Summer vacations can be extremely challenging not only for children with Autism Spectrum Disorder (ASD), but their parents as well. While it is nice to take a break from the day-to-day activities, it is important to maintain structure and consistency in an effort to maintain the skills children have developed. The relationships children with ASD develop are essential to their well-being, just as they are for everyone. Because of this, it is critical that education focuses on developing social skills so that children can build meaningful friendships.

Unfortunately, children with ASD often do not have the skills necessary to develop friendships on their own, so we need to teach them. Identifying key social skills such as joint attention, initiating interaction, playing cooperatively as well as providing them with continuous opportunities to practice, are methods that maximize a child’s learning and motivates them at the same time.

Just because school is out, doesn’t mean that learning and development has to be put on hold for the summer. Even during the summer months, the key to successful Applied Behavior Analysis (ABA) is to immerse the child into treatment for as much of the day as possible. By doing so, valuable time is not lost. Young children are not only able to tolerate intensive intervention, but also thrive on the stimulation. It is important to utilize as many opportunities throughout the day to teach appropriate skills and to reduce the child’s opportunity to engage in detrimental behaviors.

Summer day camps enable children to continue social development while school is out of session. They are designed to increase quality of life and functional independence through themed programs which include games, arts and crafts. At Autism Partnership, our ABA experts will identify the important skills needed for each specific camper so that we can address each child’s unique abilities. Each week-long day camp will focus on developing behavioral and social skills that will enable each child to improve their communication skills.

Treatment should be fun and creative. Summer camp programs should be designed to benefit the needs and interests of the children. These programs and camps focus on classroom readiness skills, social responsiveness, initiating and sustaining interactions and keeping a child’s emotions under control. The key to summer camps is to provide a fun environment for children and adolescence while continuing to provide consistent treatment. Both are necessary to improve their chances of recovery.

Below are the types of themed camp programs that Autism Partnership offers in August:

Going Green (Aug. 10-14): Going Green camp will help children focus on self-awareness and the ability to understand what others are saying/doing and respond appropriately. As more and more schools and communities actively seek ways to “go green,” this camp will teach children the importance of saving the environment and inspire greater social awareness through exciting outings and fun projects. Our “conservationists-in-training” will learn about the benefits of reducing, reusing and recycling in order to reduce our carbon footprints while learning essential social skills.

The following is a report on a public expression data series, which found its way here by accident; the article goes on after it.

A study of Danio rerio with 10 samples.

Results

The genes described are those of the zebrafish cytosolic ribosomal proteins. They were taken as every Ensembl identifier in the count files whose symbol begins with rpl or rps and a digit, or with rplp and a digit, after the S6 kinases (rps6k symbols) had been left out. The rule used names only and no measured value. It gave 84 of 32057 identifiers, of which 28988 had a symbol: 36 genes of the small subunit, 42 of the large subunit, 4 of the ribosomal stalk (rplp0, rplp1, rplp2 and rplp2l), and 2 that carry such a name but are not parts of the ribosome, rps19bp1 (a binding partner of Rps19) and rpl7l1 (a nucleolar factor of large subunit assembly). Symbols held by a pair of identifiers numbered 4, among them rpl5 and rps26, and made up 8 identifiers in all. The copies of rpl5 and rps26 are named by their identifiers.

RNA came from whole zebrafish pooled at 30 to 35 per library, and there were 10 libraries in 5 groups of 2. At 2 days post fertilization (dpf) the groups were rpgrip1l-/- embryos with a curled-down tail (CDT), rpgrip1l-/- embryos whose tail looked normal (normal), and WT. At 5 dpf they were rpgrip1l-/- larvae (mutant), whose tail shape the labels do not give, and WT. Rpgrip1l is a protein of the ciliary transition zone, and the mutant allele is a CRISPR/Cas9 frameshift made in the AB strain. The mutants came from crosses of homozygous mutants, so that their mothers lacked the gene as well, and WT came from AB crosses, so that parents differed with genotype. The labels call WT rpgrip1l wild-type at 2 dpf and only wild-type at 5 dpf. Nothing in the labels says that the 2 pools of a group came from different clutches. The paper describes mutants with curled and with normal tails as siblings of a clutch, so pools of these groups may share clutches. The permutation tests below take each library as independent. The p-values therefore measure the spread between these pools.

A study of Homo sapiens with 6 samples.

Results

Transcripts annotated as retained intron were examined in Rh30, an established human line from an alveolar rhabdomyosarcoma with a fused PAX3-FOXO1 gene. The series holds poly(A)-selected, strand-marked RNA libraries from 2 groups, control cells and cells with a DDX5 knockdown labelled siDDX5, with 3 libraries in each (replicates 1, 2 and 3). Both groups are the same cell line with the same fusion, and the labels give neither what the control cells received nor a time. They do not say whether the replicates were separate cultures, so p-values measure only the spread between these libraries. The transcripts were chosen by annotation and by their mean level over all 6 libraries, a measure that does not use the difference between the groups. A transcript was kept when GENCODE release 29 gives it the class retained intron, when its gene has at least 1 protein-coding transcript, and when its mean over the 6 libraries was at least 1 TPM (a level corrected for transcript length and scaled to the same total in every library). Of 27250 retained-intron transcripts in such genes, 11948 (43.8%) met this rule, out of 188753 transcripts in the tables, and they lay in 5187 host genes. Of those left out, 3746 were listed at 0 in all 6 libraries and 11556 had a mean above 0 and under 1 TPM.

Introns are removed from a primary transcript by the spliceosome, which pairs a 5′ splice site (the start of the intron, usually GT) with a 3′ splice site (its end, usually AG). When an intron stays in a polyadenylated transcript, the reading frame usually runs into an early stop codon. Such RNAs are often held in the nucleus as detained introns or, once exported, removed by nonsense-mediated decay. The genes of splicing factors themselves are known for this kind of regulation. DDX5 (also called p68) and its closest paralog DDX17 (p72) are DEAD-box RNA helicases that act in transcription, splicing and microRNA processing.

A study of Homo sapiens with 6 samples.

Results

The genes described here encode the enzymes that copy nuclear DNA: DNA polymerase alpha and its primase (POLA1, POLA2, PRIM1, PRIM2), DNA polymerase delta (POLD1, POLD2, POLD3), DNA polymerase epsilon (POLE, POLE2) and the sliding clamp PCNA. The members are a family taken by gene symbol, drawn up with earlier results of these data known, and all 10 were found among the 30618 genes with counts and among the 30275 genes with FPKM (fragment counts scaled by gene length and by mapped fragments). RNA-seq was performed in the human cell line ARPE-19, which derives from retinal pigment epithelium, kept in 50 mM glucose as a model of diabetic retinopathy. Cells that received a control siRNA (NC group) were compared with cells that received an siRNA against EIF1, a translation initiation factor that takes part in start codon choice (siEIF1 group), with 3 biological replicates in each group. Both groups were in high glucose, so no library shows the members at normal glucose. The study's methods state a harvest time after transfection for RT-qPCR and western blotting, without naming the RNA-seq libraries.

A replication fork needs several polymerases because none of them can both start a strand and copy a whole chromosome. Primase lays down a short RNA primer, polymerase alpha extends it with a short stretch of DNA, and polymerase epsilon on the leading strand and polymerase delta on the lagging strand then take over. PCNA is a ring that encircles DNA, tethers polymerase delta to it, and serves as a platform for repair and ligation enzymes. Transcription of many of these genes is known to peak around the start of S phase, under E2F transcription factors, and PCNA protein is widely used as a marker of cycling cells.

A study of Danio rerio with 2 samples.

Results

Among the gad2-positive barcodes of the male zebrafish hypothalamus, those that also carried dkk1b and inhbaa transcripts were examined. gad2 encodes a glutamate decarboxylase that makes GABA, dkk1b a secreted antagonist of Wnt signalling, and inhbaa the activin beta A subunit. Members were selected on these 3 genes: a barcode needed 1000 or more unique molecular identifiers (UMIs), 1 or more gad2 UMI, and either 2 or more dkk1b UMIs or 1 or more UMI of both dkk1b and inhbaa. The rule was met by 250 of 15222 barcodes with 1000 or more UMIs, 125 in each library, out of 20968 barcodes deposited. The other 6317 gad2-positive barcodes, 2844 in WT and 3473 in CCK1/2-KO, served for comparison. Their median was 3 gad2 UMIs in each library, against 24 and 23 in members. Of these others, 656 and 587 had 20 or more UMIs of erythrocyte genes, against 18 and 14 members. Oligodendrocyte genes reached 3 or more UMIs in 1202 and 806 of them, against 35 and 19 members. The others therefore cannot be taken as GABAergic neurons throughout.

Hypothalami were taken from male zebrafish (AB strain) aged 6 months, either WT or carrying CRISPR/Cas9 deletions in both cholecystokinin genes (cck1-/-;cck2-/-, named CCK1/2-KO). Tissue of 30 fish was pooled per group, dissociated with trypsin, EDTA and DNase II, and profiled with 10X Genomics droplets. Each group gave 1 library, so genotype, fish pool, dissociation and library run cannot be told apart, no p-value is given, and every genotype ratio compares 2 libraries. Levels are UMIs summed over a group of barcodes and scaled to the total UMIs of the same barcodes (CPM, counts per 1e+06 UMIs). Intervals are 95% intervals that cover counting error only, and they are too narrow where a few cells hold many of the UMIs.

Sports, Sports, Sports (Aug. 17-21): Sports camp will help children better understand the rules of games, taking the initiative to be an active and involved participant in a game and the importance of displaying good sportsmanship. They will also learn how to tolerate and control their frustrations as well as show empathy for their teammates and opponents.

Lights, Camera, Action (Aug. 24-28): Theater camp will help children understand the importance of sharing, compromising and negotiating, which are essential to being part of a successful ensemble as well as with friendships. Children can choose to be part of the action in front of the camera or behind the scenes and work on set design, programs and publicity. This program helps them improve social skills, maintain behavioral control and sustain attention in a group.

When considering any program for your child, it’s important to consider:

• Choose a “good” ABA program: High quality ABA utilizes a variety of natural reinforcers such as activities, toys and social reinforcement. The ultimate objective is that children become internally reinforced.

• Focus on the whole child: Be sure that the program for intervention focuses on the entire child including communication, social, play and self-help skills.

• Expert ABA therapists: Teaching techniques need to be as natural as possible and should take place in natural settings with instructions that model natural language. Good therapists have received comprehensive and on-going training and instruction in areas such as teaching techniques, evaluating progress, curriculum and program design. It is also essential that they’ve participated in hands-on training. Don’t be afraid to ask questions about their experience.

• Natural settings: It is important that children learn in natural settings with the typical distractions that occur in schools and the community. Removing distractions and utilizing artificial cues does not benefit the child. It is important that their environment is a true, real day-to-day environment, with a strong foundation on how to learn.

• Parent participation: It is crucial that parents, teachers, and family members are properly trained so that they know how to maximize the child’s learning while at home. This will ensure success on all levels.

Dr. Ron Leaf is the co-director of Autism Partnership and a licensed psychologist who has over 35 years of experience in the field of autism.